Environmental groups are going to court to argue that Kentucky and West Virginia are doing a poor job of enforcing federal clean water rules.
Kentuckians for the Commonwealth, the Sierra Club, and others say the states haven’t done enough to control pollution from surface coal mines, causing damage to nearby streams and rivers.
The groups behind the federal lawsuits say they asked the Environmental Protection Agency years ago to rescind Kentucky and West Virginia’s authority over surface coal mine discharges. But the plaintiffs say the EPA never responded to that request.
The Herald-Leader reports the lawsuits are designed to compel the federal agency to act. The suits claim Kentucky doesn’t have enough employees to adequately monitor surface mine pollution, failed to set appropriate limits on pollutants, and issued mining permits under rules that included less scrutiny of applicants.
A spokesman for the Kentucky Energy and Environment Cabinet says his group believes they have been implementing all programs in accordance with state and federal regulations.
Originally published on Thu November 13, 2014 8:21 am
He was alone on an errand, in a dark tunnel a mile underground at the Aracoma Alma coal mine in Logan County, W.Va., when a 300-pound slab of rock peeled away from the roof and slammed him to the ground. As his legs grew numb, he managed to free an arm and reach his radio. For two hours, he pressed the panic button that was supposed to bring help quickly.
As concerns rise about mine safety following an explosion in a Turkish coal mine that killed more than 200, Kentucky mine safety officials are coping with a 38 percent budget cut.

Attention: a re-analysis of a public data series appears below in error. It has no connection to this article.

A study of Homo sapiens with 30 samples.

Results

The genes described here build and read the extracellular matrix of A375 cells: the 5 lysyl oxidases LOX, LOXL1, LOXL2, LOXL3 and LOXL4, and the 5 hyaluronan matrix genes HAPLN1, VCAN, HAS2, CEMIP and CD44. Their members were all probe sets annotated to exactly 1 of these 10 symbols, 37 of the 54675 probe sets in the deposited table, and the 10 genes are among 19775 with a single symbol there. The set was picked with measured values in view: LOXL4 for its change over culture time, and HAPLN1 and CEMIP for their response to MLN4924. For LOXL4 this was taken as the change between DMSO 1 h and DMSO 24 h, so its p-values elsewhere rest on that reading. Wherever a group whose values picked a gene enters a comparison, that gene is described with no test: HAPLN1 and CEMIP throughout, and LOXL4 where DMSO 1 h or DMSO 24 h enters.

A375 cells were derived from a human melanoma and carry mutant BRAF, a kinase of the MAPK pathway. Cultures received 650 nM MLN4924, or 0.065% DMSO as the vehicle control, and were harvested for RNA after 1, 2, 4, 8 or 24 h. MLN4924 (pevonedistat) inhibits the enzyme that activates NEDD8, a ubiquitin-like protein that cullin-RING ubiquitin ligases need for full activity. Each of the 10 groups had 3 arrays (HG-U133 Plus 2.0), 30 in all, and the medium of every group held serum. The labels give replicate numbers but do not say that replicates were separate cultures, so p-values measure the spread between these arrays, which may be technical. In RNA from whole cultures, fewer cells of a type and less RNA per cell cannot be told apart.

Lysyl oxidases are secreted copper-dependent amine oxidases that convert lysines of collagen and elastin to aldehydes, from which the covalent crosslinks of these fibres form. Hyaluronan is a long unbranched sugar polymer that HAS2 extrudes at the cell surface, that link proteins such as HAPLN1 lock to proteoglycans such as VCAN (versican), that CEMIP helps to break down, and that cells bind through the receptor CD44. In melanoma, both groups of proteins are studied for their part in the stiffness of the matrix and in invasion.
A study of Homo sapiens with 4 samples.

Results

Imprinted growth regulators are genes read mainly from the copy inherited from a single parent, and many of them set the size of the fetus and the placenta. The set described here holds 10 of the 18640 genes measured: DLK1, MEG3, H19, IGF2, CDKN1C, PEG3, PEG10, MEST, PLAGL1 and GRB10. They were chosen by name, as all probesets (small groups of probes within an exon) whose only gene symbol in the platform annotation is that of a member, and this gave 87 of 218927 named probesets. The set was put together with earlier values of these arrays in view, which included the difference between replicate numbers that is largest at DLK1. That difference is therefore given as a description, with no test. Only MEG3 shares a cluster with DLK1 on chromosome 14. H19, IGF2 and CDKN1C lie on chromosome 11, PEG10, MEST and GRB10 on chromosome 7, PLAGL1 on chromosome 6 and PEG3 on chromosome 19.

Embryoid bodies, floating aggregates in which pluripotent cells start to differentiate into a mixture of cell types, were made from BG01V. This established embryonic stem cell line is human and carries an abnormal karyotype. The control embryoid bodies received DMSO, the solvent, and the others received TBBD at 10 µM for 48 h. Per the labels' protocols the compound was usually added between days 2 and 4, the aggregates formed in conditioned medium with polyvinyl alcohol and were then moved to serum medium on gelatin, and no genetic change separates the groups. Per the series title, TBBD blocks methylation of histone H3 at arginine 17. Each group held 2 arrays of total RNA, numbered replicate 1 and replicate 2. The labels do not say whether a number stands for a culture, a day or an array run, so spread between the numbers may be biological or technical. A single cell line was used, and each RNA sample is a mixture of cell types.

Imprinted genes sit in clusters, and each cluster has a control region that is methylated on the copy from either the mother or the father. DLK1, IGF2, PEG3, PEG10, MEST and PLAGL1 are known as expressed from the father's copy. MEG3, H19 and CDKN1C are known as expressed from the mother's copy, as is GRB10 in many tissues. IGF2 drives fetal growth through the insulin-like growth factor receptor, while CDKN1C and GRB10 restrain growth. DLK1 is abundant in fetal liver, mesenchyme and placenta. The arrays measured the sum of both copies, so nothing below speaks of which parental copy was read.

The state Office of Mine Safety and Licensing’s Dick Brown says $8.5 million in cuts will lead to eliminating some 50 positions across the state and cutting annual mine safety inspections from six to four.
The cuts also mean less safety training for miners.
“We’re going to have to be judicious in how we approach this and make sure, number one, that miners are as safe as we can possibly make them and that we can effectively keep them safe,” Brown said.
Brown expects a cut to the number of mine safety rescue teams as well. However, Madisonville’s KCTCS Mine Rescue Team receives private funding from coal companies and won’t be impacted by the budget cut.
The Office of Surface Mining has awarded Kentucky a $40 million grant to eliminate environmental hazards caused by past coal mining.
The money will go to the Kentucky Division of Abandoned Mine Lands
The grants go to 28 coal-producing states annually. They're funded by a fee on mined coal and are intended to repair unstable slopes, eliminate acid mine drainage and restore damaged water supplies.
Kentucky Natural Resources Commissioner Steve Hohmann said the grant money has been used in past years to close mine shafts and portals, put out mine fires, eliminate dangerous highwalls and subsidence and to provide drinking water to residents in mining communities.
Union-backed coal miners in Kentucky and surrounding states are protesting a coal company’s bankruptcy proceedings they say jeopardizes pension and health care benefits for some 20-thousand retirees and dependents. Miners were picketing Wednesday outside Peabody Energy’s headquarters in St. Louis.
Two charter buses bound for St. Louis left early Wednesday morning from western Kentucky to join the protest led by the United Mine Workers of Amercia.
Peabody Energy is one of the nation’s largest coal companies and one of the companies the union accuses of orchestrating business deals that bankrupted Patriot Coal.
Five Daviess County residents have filed a lawsuit over a recent decision to allow coal mining on nearly 700 acres of land. The suit targets Daviess County Fiscal Court, the Owensboro Metropolitan Planning Commission, and Western Kentucky Minerals.
Daviess County Fiscal Court will vote Thursday evening on whether it should uphold a decision to rezone nearly 700 acres for coal mining. The Owensboro Metropolitan Planning Commission narrowly approved the request in May.